Obama’s CIA-on-Campus Program Jon Wiener
The CIA-off-campus protests of the 1980s may need to be revived–this time addressed to President Obama. The administration has asked Congress to establish a new “intelligence officer training program” at colleges and universities. The proposal, buried in the 2010 intelligence authorization bill, would invite schools to apply for grants for courses that would “meet the needs of the intelligence community.” Students taking the courses would have to receive security clearances, according to Walter Pincus of the Washington Post, and their participation would be kept secret. After graduating, they would be required to work for the CIA or another intelligence agency.
Obama clearly wants a better CIA and hopes universities will help. But mandatory security clearances and secrecy conflict with universities’ commitment to openness and free inquiry. Yale, for example, says “the principles of openness, trust, and free inquiry…are fundamental to the autonomy and well-being of a university.”
The CIA’s problems have included domestic spying, in violation of its charter; assassination plots against Castro and others; and coups that overthrew governments in Iran, Guatemala and elsewhere. These were exposed in the 1970s by Frank Church’s Senate committee, but in the Reagan years covert activities returned with a vengeance, and renewed protests focused on campus recruiters. As The Nation reported in 1988, “students at more than seventy colleges and universities have organized energetically: physically barring recruiters from campus, disrupting interview sessions, taunting C.I.A. representatives, holding sit-ins and demonstrations to protest university decisions.”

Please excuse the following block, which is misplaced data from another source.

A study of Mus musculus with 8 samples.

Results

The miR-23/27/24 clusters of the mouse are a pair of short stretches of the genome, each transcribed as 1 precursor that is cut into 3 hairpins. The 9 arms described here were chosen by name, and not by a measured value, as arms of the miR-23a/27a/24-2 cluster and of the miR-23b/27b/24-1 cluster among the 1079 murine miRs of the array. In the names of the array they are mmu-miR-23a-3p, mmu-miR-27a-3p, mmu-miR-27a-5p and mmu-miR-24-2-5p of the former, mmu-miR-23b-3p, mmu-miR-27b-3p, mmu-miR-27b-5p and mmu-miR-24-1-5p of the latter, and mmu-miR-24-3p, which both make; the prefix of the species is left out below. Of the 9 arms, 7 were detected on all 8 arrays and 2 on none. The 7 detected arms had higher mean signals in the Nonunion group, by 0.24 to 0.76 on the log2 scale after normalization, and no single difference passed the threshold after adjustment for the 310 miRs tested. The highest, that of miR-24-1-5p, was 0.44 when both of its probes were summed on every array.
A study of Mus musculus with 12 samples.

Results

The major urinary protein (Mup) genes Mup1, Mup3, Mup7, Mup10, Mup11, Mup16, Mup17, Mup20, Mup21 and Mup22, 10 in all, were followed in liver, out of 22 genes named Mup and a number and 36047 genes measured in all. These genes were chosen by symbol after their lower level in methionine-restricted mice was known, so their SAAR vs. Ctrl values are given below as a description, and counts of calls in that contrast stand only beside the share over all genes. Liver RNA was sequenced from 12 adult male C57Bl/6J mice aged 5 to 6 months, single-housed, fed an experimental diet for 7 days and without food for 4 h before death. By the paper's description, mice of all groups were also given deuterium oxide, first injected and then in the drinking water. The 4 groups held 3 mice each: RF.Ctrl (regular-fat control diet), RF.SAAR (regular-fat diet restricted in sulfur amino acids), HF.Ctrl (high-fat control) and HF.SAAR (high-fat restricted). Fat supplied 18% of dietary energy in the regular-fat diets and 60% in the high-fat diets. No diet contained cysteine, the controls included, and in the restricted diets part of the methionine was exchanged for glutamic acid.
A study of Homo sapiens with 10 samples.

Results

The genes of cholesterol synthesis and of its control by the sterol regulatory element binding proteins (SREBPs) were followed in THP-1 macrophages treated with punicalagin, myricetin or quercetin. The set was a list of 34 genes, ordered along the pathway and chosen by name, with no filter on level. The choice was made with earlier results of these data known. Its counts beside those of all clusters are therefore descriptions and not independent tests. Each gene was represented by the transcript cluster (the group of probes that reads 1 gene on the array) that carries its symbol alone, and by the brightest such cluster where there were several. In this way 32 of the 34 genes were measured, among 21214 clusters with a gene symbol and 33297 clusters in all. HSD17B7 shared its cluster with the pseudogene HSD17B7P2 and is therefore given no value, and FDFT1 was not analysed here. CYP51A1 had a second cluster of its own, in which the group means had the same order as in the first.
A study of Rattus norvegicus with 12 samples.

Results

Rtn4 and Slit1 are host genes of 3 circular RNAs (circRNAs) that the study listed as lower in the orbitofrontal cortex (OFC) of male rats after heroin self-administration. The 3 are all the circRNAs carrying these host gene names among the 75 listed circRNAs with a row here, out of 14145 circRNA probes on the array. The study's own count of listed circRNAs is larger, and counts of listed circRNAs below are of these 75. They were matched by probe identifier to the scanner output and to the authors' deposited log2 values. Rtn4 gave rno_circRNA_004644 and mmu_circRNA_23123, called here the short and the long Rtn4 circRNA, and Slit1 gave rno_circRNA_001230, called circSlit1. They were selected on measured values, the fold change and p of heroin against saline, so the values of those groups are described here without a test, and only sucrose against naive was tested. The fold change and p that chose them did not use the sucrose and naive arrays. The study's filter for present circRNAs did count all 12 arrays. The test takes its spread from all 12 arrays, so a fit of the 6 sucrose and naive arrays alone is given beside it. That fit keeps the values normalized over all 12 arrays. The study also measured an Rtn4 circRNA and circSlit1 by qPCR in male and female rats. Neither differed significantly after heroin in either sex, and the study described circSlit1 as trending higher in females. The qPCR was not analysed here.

Under Obama’s proposal, interested students would have to apply to the director of national intelligence for admittance to the program. Selected students would get money, including not only tuition and funds for books but also a monthly stipend and travel expenses. We’re not talking about federal Pell Grants here; this money would come from the Pat Roberts Intelligence Scholars Program and would include paid internships at the CIA or other intelligence agencies. Students receiving financial aid, according to Pincus, “would be obligated to serve” at the CIA or another intelligence agency “for the same length of time as they received their subsidy.” The CIA, of course, is the agency whose use of torture has just been documented in sickening detail by an official report. Defenders say that’s all in the past, but Obama’s CIA director, Leon Panetta, opposes a Justice Department investigation of the torturers.
The bill with the CIA-on-campus program was approved by the Senate Intelligence Committee on July 16 and is awaiting approval by Congress. Remarkably, committee debate did not touch on the new campus program but instead focused on CIA oversight and failures of agency reporting to Congress.